The symptoms of stroke are sudden. Preparing for one doesn't have to be.
Learn the Symptoms
Understanding the symptoms that indicate a stroke is in progress can save your brain and ultimately speech, movement and memory. Watch for sudden changes in the following areas:
Numbness or weakness in the face, arms or legs, especially if there is one particular side of the body
Confusion, trouble speaking, or understanding
Trouble with vision
Challenges with walking, balance or dizziness
Severe headache with no known cause
STEP 1: Identify Your Risk
Take time today to review the risk factors for stroke and evaluate your risk level. You can take our risk quiz here
Understanding your personal risks and working with your healthcare provider on an action plan to reverse them are important first steps.
STEP 2: Reduce Your Risk
Risks for stroke fall into three categories:
Lifestyle - Lifestyle risk are tied to choices around nutrition, exercise and habits such as smoking and alcohol consumption.
Medical - Medical risks are typically caused by a combination of things including family history and genetics, and are most likely controlled with medication. They are most often represented by conditions like high blood pressure and cholesterol, diabetes and atrial fibrillation can be contributing factors to a stroke.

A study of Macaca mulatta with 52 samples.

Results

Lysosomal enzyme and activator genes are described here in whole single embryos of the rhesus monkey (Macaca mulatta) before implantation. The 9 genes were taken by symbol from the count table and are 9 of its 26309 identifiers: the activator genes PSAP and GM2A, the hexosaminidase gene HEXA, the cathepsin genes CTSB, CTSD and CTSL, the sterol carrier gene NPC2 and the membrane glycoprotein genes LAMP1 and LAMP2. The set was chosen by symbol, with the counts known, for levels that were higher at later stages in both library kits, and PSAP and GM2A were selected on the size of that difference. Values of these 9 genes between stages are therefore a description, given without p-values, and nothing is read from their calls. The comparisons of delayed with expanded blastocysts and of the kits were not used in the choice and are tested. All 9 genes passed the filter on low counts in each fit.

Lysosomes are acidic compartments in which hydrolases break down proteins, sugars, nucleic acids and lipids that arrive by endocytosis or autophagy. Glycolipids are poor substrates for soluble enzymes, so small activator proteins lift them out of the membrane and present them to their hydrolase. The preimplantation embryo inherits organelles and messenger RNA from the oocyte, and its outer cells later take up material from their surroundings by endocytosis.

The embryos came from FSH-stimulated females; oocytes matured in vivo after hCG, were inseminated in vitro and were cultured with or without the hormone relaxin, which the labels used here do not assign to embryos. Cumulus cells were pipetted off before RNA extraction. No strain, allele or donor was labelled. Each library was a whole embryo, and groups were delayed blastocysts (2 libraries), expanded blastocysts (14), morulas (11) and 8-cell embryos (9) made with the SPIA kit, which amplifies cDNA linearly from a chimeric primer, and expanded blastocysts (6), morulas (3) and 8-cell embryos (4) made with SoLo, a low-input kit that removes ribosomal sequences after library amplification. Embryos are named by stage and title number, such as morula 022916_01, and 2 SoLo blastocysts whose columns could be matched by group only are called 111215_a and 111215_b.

Uncontrollable - these risks are tied to your age, gender, ethnic background, family history and other factors that are outside of your control.
Once you've identified your individualized risk factors, you need to set out on a plan for change. Here are some tips:
- Consult with your primary care physician to create a customized plan for you.
- Take appropriate medicines to reduce your blood pressure and cholesterol.
- If you smoke, stop. If you drink alcohol, do so in moderation.
- If you are diabetic, follow your doctor's recommendations carefully to control your diabetes.
- Make exercise part of your daily routine.
- Enjoy a lower sodium (salt), lower fat diet.
- Ask your doctor if you have circulation problems that increase your risk for stroke.
STEP 3: Think Fast. Act Fast.
It is important to recognize the signs of stroke at the onset, and to know how to act to save your brain. The American Stroke Association
has created a helpful reminder system using FAST
as a prompt. The letters in the word FAST
Source: American Stroke Association - Stroke symptoms, FAST acronymn
||Ask the person to smile. Does one side of the face droop?
||Ask the person to raise both arms. Does one arm drift downward?
||Ask the person to repeat a simple phrase. Is their speech slurred or strange?
||If you observe any of these signs, call 9-1-1 immediately.